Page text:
Monday, July 23, 2012

Graduation and Placement Rate Bias

The world of higher education is an interesting one. It's a world filled with misinformation, half-truths, and outright lies. Sometimes there are truths, but one usually has to do some digging to actually find them. As with most industries, there are good players and bad players. It's just a way of life. However, with most attempts to weed out the bad players, the good players are the ones that suffer.

The funny thing is how things aren't always how they seem. Take for example the rules of the Dept of Ed that for-profit schools disclose their on-time graduation rates, placement rates, costs, and other information. Any school that offers a Gainful Employment program, whether it's public, private, or for-profit, should release that information for that program. So why is it that all programs at a for-profit institution has to disclose that information? There are several reasons for that which we won't cover today.

Some people are under the impression if a school has to disclose something, then the numbers have to be really good. But what's considered really good? I've met a few who compare graduation rates and placement rates to grades on tests: if it's over 90% then it's good, if it's in the 80's% then it's ok, if it's in the 70's% then it's not so good, and if it's under that, then it's failing. It's not quite that simple.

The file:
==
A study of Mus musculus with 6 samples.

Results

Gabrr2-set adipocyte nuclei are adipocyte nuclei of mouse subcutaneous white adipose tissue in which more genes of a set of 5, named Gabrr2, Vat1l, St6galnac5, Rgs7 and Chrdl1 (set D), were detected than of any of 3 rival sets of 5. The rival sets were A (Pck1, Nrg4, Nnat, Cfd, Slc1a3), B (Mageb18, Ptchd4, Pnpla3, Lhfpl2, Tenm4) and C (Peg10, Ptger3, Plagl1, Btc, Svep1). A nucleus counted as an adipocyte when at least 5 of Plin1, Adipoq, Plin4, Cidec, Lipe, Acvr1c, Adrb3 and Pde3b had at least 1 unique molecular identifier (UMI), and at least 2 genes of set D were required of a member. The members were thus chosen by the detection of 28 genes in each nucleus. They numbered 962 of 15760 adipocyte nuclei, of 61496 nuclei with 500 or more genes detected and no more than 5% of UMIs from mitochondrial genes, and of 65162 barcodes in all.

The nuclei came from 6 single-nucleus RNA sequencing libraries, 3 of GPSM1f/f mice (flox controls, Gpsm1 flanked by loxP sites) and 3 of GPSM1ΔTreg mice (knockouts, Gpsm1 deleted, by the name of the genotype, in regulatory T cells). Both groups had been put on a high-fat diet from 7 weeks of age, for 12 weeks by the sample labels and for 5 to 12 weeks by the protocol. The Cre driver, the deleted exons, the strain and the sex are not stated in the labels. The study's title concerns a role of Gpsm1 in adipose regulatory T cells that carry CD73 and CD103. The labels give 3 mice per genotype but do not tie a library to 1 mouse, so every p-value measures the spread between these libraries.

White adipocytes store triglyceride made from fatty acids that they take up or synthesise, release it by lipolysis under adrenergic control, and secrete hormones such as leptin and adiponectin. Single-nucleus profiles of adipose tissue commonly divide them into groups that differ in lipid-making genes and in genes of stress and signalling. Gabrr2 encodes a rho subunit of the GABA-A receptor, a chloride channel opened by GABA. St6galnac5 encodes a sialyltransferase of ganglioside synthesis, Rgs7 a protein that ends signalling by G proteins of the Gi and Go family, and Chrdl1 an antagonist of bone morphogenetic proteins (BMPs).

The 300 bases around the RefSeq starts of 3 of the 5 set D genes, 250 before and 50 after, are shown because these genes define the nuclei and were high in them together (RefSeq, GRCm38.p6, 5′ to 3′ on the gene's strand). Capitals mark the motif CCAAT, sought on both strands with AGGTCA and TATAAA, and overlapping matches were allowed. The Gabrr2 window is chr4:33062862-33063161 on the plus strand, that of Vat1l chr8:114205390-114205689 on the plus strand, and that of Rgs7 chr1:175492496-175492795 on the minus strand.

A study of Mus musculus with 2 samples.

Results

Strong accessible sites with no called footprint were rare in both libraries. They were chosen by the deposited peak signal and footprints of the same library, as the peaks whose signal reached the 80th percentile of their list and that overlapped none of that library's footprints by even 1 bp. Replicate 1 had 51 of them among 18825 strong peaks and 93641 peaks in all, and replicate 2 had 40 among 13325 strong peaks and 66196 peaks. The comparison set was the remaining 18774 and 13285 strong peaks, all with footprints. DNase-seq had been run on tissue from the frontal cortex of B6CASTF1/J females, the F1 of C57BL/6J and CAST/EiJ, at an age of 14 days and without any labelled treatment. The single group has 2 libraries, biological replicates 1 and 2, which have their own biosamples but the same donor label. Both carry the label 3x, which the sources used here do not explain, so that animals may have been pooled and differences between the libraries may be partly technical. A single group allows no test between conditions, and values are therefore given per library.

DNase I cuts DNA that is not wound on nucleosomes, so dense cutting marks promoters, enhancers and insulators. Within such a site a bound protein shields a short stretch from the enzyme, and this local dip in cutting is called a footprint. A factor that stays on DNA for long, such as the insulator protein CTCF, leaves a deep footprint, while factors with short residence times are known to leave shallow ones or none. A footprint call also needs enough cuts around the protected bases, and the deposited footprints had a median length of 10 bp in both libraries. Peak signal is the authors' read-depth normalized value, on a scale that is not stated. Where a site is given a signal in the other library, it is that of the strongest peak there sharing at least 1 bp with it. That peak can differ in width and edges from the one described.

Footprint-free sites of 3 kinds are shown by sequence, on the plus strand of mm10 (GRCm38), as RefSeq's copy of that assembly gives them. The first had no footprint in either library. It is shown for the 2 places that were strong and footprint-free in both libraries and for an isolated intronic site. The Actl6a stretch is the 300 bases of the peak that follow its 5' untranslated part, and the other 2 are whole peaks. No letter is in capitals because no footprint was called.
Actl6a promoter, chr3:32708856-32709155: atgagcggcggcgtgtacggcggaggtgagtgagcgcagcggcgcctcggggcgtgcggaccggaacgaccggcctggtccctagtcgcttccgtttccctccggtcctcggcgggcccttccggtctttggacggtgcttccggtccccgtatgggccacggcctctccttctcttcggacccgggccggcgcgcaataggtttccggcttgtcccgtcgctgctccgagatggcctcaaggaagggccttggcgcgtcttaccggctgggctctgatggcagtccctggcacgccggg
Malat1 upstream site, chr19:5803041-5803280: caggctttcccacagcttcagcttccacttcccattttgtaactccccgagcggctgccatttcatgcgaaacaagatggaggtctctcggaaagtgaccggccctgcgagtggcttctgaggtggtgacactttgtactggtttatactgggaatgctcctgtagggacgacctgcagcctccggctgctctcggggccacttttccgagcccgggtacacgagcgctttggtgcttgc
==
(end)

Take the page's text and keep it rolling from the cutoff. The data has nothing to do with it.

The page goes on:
Accrediting agencies have their own rules on these numbers. Graduation rates are figured on a time and a half basis, meaning if a program lasts two years, then the graduation rate is figured on people who completed in three years. Placement rates are figured on people who completed a program and obtained jobs in a related field; however, this figure doesn't take into account people who willingly chose not to get a job in a related field (yes, these people do exist - take for example an accountant who takes Medical Assisting to learn how to take care of her Great Aunt but has no intention of becoming a Medical Assistant). The rates themselves (like most statistics) don't tell the whole story, and usually ruling against the school. Most accrediting agencies look at around 60% as a good number for judging these rates.

However, have you ever wondered what a public university's rates were? These schools don't have to disclose this information for non-Gainful Employment programs. So, just because they aren't required to disclose it, does that mean that their rates are exemplary?

Here is an article about the 11 public universities with horrible graduation rates. These rates are based on time and a half for bachelor's degrees. The list of schools is found on a link in the page. I urge you to take a look. Some of the names will shock you.